Saturday, November 25, 2006

Men's Regency Costume

Let’s be frank a BIG part of why Jane Austen’s heroes and villains are particularly sexy is the clothes they wear. Knee-high boots, long great coats, tall neckties, floppy shirts and tight breeches all make us shudder. Male costume changed dramatically from 1780s to the 1800s – becoming more austere and less colourful. Grooming and unshowy style were all-important. And fortunately we have our costume expert Mrs B to hand to explain why and some illustrations from a 1907 edition of Pride and Prejudice for illustration!

Mrs B says:

In the period 1795 to 1820 the male fashionable look was the perfectly tailored, figure hugging style devised by Beau Brummell and his circle. Brummell took the practical frock coat, waistcoat and breeches worn by the English Peers in their enthusiasm for farming and country pursuits and refined the look.

By the end of the eighteenth century English tailors became the leaders of men’s fashions, because their long experience of the subtleties of cloth had developed their skill and they gave style and elegance to the practical country coats and so made them acceptable for fashionable wear. Beau Brummell, not an innovator but a perfectionist, set the seal on the new fashion by removing the odour of the stables. He had the floppy cravat starched, the muddy boots polished and, above all, he demanded the perfect cut and fit (see Nora Waugh, The Cut of Men’s Clothes 1600-1900).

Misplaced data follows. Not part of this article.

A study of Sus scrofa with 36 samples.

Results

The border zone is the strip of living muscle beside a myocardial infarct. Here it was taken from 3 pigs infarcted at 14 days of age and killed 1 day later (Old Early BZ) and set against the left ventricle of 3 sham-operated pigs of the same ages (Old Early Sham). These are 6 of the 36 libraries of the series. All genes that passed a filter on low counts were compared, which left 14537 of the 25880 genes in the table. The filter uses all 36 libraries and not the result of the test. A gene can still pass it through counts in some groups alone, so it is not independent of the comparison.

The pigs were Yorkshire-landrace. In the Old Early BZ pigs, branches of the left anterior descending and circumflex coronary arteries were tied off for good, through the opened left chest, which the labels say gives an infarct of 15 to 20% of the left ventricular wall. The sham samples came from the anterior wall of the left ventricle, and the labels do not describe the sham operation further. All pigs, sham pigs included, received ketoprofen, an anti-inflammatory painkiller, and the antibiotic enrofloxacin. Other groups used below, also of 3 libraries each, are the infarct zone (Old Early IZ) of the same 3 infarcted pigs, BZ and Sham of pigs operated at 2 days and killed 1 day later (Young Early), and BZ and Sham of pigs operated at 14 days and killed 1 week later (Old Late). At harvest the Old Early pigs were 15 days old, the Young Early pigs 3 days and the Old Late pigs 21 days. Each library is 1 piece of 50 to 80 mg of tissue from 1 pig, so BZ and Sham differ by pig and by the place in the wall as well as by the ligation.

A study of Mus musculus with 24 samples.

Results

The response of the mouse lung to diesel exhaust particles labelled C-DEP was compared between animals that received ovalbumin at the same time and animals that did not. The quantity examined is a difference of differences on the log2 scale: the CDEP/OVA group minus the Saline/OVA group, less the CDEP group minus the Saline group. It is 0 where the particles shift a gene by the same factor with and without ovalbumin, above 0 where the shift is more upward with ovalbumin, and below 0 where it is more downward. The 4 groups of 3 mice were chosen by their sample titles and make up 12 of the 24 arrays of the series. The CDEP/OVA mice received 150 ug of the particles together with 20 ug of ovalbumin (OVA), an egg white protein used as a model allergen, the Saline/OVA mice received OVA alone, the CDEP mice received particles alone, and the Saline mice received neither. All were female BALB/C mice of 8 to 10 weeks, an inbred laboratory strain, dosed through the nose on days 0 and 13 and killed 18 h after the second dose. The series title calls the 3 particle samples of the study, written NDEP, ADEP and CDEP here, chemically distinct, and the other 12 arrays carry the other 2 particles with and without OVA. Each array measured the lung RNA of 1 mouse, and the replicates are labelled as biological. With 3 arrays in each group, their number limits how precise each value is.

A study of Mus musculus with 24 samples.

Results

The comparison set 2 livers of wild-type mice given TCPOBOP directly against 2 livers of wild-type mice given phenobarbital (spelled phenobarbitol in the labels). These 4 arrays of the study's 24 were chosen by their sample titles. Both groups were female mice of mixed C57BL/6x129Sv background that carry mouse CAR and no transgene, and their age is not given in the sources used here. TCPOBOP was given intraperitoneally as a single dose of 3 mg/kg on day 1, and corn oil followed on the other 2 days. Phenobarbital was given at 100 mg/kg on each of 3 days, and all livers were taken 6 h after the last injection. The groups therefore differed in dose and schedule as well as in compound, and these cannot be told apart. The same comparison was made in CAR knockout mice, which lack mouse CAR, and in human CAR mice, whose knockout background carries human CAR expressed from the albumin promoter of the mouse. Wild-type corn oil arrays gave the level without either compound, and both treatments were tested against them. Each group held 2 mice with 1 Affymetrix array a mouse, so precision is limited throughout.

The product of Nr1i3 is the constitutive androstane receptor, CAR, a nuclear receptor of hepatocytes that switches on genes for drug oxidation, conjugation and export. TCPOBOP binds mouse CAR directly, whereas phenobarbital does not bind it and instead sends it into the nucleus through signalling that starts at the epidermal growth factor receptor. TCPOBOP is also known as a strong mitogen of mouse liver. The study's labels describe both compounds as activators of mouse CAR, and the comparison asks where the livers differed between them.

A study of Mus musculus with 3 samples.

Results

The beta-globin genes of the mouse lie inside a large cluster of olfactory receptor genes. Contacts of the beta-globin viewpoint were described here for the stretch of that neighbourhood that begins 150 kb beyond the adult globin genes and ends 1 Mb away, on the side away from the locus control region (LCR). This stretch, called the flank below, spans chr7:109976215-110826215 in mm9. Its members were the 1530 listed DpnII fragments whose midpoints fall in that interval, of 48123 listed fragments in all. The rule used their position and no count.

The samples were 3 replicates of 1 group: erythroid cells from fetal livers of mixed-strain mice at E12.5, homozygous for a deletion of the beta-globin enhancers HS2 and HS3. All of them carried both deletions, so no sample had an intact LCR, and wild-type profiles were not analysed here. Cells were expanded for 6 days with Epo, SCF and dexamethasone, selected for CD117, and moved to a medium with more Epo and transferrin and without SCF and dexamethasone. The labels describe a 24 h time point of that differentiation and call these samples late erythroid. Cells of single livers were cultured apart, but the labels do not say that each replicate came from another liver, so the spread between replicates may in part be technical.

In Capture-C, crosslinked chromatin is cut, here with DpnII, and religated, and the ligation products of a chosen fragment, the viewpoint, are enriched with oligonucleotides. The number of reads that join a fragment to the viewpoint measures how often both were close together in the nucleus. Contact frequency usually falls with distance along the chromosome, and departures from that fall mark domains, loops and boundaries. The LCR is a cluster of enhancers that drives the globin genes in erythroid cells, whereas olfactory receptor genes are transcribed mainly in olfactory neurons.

The double-breasted riding coat was turned into an elegant garment by giving it a curved front and tailoring it to fit the body closely.

Breeches were replaced by pantaloons, which were tighter fitting and extended to mid calf or below. These were bias cut to achieve a much closer fit. They were worn with highly polished tall boots. Between 1807-25 trousers, originally worn by working men, appeared as an alternative. They were skin tight to the knees and below the knee they were looser and anchored in place by straps under the instep, a device possibly introduced by Brummell to ensure the trousers’ unwrinkled perfection could be maintained. Breeches, pantaloons and trousers in this period fastened with a side buttoned rectangular panel to produce a flat front to the garment and preserve the closeness of fit.

Thanks Mrs B (see more of her here).

I just love Darcy’s great coat in the BBC series and pantaloons worn with hessian boots could not be sexier, though they need good legs and firm thighs to carry them off!